Electric fencing

Discussion in 'Coop & Run - Design, Construction, & Maintenance' started by NickyPick, Oct 21, 2016.

  1. NickyPick

    NickyPick Chillin' With My Peeps

     
  2. racinchickins

    racinchickins Chillin' With My Peeps


    1. Make sure they have plenty of room in the pen per bird. Crowding will prompt a need to head for greener, (but less safe) pastures. Lots of places to hide within the pen helps too.

    2. The only issues I've had are when I had too many roosters and the dominant roos would chase the bottom-most roo until he finally flew out of the fence. Any chicken faced with constant harassment will probably eventually fly out. This was in a pen that had hens too. I'm thinking of trying a separate pen with just my roos I'm growing out and no girls to see if the lack of hens to compete for cuts down on the harassment.

    3. Most importantly, Any solid fencing is an invite to fly up and check out the landscape. An electric net fence looks very flimsy and it is difficult for a chicken to judge exactly where the top of the fence is, so they won't try to fly up and land or roost on it. And since they cant tell where the top is, they don't even try.
     
  3. NickyPick

    NickyPick Chillin' With My Peeps

     
  4. Howard E

    Howard E Chillin' With My Peeps


    You would not think a low wire system would work on birds, but it does. They don't like getting shocked anymore than anything else does and once they realize it is there, and recognize it as a barrier not to go near, they avoid it. My birds didn't fly over it, then stepped on it. With one foot on the wire and one on the ground, their foot got it and they would launch in the air, and still be cackling 30 seconds later. So there is a learning curve associated with it. Like everything else, the birds have to experience it, then learn to avoid it by not going near it. I can't tell if they all have to experience it or once one does, word gets around. Do chickens communicate like that? I'm firmly convinced some birds can and do.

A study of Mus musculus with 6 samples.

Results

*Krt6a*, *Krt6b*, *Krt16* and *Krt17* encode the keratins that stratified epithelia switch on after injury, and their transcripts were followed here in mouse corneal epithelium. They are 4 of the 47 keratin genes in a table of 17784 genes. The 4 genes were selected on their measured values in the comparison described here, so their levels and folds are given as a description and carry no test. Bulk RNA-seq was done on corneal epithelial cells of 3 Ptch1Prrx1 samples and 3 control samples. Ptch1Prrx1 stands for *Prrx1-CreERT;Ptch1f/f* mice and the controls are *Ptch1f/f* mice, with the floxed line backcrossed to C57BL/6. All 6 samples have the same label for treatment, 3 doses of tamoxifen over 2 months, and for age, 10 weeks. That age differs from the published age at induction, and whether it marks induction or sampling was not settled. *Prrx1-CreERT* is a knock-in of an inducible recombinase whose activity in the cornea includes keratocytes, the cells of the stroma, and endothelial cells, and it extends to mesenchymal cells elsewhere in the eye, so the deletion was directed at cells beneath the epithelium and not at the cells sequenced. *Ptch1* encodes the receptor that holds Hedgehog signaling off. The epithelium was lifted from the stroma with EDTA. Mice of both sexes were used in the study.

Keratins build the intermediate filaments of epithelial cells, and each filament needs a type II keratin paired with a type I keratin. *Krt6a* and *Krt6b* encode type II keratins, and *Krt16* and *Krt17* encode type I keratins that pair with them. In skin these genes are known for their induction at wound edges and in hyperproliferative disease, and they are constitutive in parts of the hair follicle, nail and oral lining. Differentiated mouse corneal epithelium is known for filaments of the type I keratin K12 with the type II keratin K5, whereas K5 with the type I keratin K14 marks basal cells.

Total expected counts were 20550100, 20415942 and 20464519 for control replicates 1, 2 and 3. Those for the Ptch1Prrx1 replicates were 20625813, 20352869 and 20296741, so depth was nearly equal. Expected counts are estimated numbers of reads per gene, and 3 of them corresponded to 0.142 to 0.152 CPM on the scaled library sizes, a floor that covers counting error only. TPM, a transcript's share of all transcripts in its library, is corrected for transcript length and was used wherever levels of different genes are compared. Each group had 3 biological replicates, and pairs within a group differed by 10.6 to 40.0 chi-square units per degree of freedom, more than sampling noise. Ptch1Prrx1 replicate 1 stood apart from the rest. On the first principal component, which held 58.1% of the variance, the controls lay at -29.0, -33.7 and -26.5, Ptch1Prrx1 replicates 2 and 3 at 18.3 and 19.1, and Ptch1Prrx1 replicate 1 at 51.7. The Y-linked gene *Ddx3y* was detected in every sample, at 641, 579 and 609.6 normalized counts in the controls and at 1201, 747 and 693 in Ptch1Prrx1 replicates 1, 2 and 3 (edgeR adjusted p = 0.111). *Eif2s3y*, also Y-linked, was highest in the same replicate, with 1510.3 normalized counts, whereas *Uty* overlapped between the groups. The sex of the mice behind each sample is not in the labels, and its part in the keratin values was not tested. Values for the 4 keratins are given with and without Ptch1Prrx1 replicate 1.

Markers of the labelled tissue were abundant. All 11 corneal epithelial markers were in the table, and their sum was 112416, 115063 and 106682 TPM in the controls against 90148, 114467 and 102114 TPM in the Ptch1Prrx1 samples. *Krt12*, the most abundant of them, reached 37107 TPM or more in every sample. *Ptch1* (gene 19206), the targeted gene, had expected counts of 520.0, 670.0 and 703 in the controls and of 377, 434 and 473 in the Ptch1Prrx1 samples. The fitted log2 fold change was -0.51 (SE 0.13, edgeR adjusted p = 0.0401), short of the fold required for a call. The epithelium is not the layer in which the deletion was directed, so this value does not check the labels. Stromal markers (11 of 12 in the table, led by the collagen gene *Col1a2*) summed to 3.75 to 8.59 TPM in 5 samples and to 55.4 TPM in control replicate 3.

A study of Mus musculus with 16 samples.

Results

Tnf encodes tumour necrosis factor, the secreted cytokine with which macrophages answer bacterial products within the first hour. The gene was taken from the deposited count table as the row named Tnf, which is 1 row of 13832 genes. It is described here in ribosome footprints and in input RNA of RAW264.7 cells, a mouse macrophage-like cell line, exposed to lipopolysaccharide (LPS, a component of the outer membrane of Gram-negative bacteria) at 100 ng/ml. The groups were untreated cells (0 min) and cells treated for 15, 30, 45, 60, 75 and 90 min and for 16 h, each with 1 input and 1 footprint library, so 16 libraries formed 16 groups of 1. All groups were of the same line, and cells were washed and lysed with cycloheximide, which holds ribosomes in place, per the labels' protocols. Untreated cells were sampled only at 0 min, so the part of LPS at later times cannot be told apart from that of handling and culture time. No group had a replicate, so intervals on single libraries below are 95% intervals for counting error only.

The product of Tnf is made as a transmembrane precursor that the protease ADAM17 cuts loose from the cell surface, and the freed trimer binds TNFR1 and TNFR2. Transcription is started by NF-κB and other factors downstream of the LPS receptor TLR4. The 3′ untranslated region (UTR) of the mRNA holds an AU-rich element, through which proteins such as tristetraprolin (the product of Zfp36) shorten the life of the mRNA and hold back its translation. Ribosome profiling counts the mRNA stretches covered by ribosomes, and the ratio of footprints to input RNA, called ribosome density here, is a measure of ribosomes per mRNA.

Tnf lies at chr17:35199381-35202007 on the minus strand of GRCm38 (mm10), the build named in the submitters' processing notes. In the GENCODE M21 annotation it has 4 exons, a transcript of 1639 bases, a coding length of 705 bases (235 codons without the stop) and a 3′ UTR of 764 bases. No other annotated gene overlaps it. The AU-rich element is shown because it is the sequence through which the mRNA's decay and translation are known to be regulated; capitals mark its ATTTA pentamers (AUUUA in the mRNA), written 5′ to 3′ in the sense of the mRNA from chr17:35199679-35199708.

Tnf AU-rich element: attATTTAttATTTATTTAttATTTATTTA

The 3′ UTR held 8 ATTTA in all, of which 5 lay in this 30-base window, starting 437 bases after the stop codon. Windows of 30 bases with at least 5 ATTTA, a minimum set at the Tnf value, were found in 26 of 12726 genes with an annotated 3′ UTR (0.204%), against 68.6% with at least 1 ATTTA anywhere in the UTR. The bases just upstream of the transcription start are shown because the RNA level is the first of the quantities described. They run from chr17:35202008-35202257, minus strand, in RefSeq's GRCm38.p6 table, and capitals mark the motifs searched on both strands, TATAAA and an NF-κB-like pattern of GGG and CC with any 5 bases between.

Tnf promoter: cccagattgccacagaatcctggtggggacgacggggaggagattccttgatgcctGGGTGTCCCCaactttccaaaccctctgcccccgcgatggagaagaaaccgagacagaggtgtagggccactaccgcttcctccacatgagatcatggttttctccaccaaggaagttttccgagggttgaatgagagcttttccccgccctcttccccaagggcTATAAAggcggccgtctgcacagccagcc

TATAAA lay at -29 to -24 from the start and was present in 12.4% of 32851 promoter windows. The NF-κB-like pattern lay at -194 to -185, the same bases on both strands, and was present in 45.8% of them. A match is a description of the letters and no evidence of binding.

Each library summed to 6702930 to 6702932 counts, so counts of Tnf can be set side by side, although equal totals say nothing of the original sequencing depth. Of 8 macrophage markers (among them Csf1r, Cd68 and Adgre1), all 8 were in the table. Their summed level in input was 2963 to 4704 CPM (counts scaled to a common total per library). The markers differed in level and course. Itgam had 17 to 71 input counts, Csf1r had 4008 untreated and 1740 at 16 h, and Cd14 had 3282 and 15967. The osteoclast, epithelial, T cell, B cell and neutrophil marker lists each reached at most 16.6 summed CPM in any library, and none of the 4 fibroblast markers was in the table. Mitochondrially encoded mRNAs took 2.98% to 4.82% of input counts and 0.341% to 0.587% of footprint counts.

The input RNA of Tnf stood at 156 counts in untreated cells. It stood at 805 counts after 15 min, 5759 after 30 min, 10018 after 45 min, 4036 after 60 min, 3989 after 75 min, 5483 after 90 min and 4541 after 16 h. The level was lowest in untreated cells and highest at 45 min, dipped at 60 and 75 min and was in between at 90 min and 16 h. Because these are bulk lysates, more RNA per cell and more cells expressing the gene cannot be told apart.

If one does get on the outside and wants back in, they either punch through or simply hop over it. So its no physical barrier at all, but that is the nature of most electric fences. They are not a physical barrier. They are a mental one. The exception to this being the plastic netting hot fences, which are both physical and electrical. What they do is shorten the learning curve. They are also more effective for close quarters. They are also more expensive and require a lot more maintenance.

    As others have noted, you help the fence by not putting your birds next to it. You put the shade and cover and green stuff in the middle away from the fences. This also helps with predators, as if the birds are in the middle away from the fences, approaching predators may still be in the sneaking closer mode when they encounter the fence. Too close and they may be moving fast and rushing the birds when they encounter the fence, and may not get shocked or if they do, not notice it in the frenzy of their attack.
     
  5. NickyPick

    NickyPick Chillin' With My Peeps

     
  6. Howard E

    Howard E Chillin' With My Peeps


    BTW, this is Robert's website and explanation:

    http://www.plamondon.com/wp/faq-simple-electric-fences-chickens/

    Again, I started out with the 2 wire system on a garden / chicken run area of about 50 x 100 feet. It was keeping the birds in and raccoons out, but the little house dog (who is a runner.......) found he avoid the fence by either hopping over it or I also saw him jump through it. When he was airborne he was not grounded, so didn't get a shock. I added two more wires to get them up to about 18 inches and he no longer tries it. I've seen him get right up to it and you can tell he is thinking about it, but in the end, always "chickens" out and runs the other way.

    On the other hand, if you don't think this will work for you, the alternative real fence used to build chicken yards a long time ago was a 5' or 6' high fence made from no larger than 2" x 4" welded wire. By making it that tall, and clipping one wing, they kept most birds in. Much more expensive, but that is the tall physical barrier option.
     
  7. chickens really

    chickens really Overrun With Chickens

    I use poultry electric mesh fencing and it is not turned on....My Birds stay in...I have large breeds though...To heavy to fly that high...Once in a Blue Moon one flies over.....It all depends on the Birds I think?

    Cheers!
     
  8. NickyPick

    NickyPick Chillin' With My Peeps

     
  9. chickens really

    chickens really Overrun With Chickens

    Try this....Set it up..Turn it on and put two Chickens in the fencing....Your Aussie will get zapped and learn to never touch the fence..I have an older Aussie/Border Collie that has to be chained up...His herding instinct is too strong...Your Birds will also learn to keep away from it...

    Best of luck..

    Cheers!
     
  10. donrae

    donrae Hopelessly Addicted Premium Member


    folks look at a nice green pasture and think the birds will simply love that area. Fact is, chickens aren't grazers. They didn't develop on the prairie, they're from the jungle/woods. Open spaces full of short grass are not their preferred environment. If you have access to lightly wooded areas, or areas with shrubs or long grass, they might hang around better.